When we think of tragically sunken ships, the words Titanic, Arizona, and Lusitania flash before our mind's eye, and this doesn't usually happen with the Swedish warship Vasa — which was hoisted up from the icy Baltic Sea almost completely intact in the 1960s, according to the journalArchaeology, a publication of the Archaeological Institute of America.
Swedish Vasa warship wrested from icy Baltic Sea
The Vasa was a brightly-painted spectacle of maritime design initially commissioned under the Swedish monarchy of Gustav Adolf II in the early 17th century according to My Modern Met.
The vessel was designed by the veteran shipbuilder Henrik Hybertsson, and was at first was expected to hold 36 guns on deck. In a twist of taste, the King of Sweden preferred aesthetic over functional perfection, which is why — on its maiden voyage from the castle fortress at Vaxholm on August 10, 1628, adorned with heavy ornaments, decorations, and 64 bronze canons — an ostensibly calm day at sea proved disastrous for Vasa.
The ship embarked between four and five o'clock to crowded cheers from friends and family while the Swedish monarchy stood in proud anticipation of the assuredly great naval investment. This is when things went wrong.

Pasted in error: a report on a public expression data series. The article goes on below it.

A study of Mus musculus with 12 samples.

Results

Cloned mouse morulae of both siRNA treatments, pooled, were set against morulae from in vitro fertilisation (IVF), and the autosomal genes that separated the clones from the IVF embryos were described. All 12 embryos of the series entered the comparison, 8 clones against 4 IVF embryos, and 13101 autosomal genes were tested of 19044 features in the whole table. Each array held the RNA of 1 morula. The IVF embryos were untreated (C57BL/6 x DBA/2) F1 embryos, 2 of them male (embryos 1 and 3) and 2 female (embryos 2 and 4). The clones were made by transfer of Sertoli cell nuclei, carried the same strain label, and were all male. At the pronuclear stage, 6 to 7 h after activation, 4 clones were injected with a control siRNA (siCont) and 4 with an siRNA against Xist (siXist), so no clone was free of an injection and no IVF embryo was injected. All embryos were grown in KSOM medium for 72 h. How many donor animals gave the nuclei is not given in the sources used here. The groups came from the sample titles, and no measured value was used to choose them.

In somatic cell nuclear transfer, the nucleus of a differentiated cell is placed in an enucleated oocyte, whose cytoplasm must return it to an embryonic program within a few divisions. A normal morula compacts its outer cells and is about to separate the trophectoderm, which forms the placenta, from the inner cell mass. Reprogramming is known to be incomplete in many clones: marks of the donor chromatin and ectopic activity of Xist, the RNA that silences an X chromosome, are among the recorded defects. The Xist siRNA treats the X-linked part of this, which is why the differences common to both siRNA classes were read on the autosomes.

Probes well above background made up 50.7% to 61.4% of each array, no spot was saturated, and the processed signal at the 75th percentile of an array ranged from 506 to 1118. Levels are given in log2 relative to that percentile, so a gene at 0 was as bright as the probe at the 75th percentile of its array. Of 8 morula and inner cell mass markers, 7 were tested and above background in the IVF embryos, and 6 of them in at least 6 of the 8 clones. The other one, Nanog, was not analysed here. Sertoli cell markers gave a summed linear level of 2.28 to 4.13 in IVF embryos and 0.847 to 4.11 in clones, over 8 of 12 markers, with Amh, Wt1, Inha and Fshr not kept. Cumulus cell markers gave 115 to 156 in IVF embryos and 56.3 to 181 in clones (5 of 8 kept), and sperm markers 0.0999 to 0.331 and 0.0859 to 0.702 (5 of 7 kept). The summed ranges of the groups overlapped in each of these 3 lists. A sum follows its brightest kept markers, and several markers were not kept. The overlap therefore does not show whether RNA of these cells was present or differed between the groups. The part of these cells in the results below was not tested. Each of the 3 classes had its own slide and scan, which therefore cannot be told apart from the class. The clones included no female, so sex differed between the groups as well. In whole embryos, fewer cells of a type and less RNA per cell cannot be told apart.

Tragedy strikes the Vasa, engineering over optics
The ship teetered against a trade wind, and then a second sudden gust of wind dragged the ship's sails to the side and sent the massive warship careening into the icy depths of the Baltic Sea.
At the time, Hybertsson had no way of calculating the ship's stability under the extra weight of ornaments, which led him to create a ship that was overbalanced — leaving the center of gravity too far above the water. Like a carnival ride, when the load shifted to the side, gravity carried it all the way down.
Archaeologists investigating the surprisingly intact wreckage think King Gustav's aesthetic preferences directly affected the ship's stability — and led to its grim end. It's a minor miracle that only 30 crewmembers died the afternoon of its sinking, but the maritime disaster haunted the Swedish Empire for centuries.
Icy waters preserved Vasa for study
Vasa itself, however, remained preserved thanks to the extremely cold waters of the Baltic Sea — which protected the wooden vessel from harmful bacteria that usually deteriorate shipwrecks. When Sweden eventually wrested the ship from her icy grave in 1961, roughly 95% of the ship was still intact — which marked the beginning of an extraordinarily rare archaeological opportunity.
At present, the ship is on display in Stockholm's Vasa Museum, where it's presented as the only fully-preserved 17th-century ship in the world. The preservation team took three decades to carefully hoist the ship from freezing waters to place it on public display. Thanks to their meticulous work, we can see remnants of the erstwhile-painted lions and crests adorning the vessel's transom, including unique artifacts from the time that survived the tragedy.
Despite the physical constraints the coronavirus crisis has imposed on everyone, anyone can visit the Vasa Museum's website for information about its reopening schedule, and buying a ticket to see peak maritime design.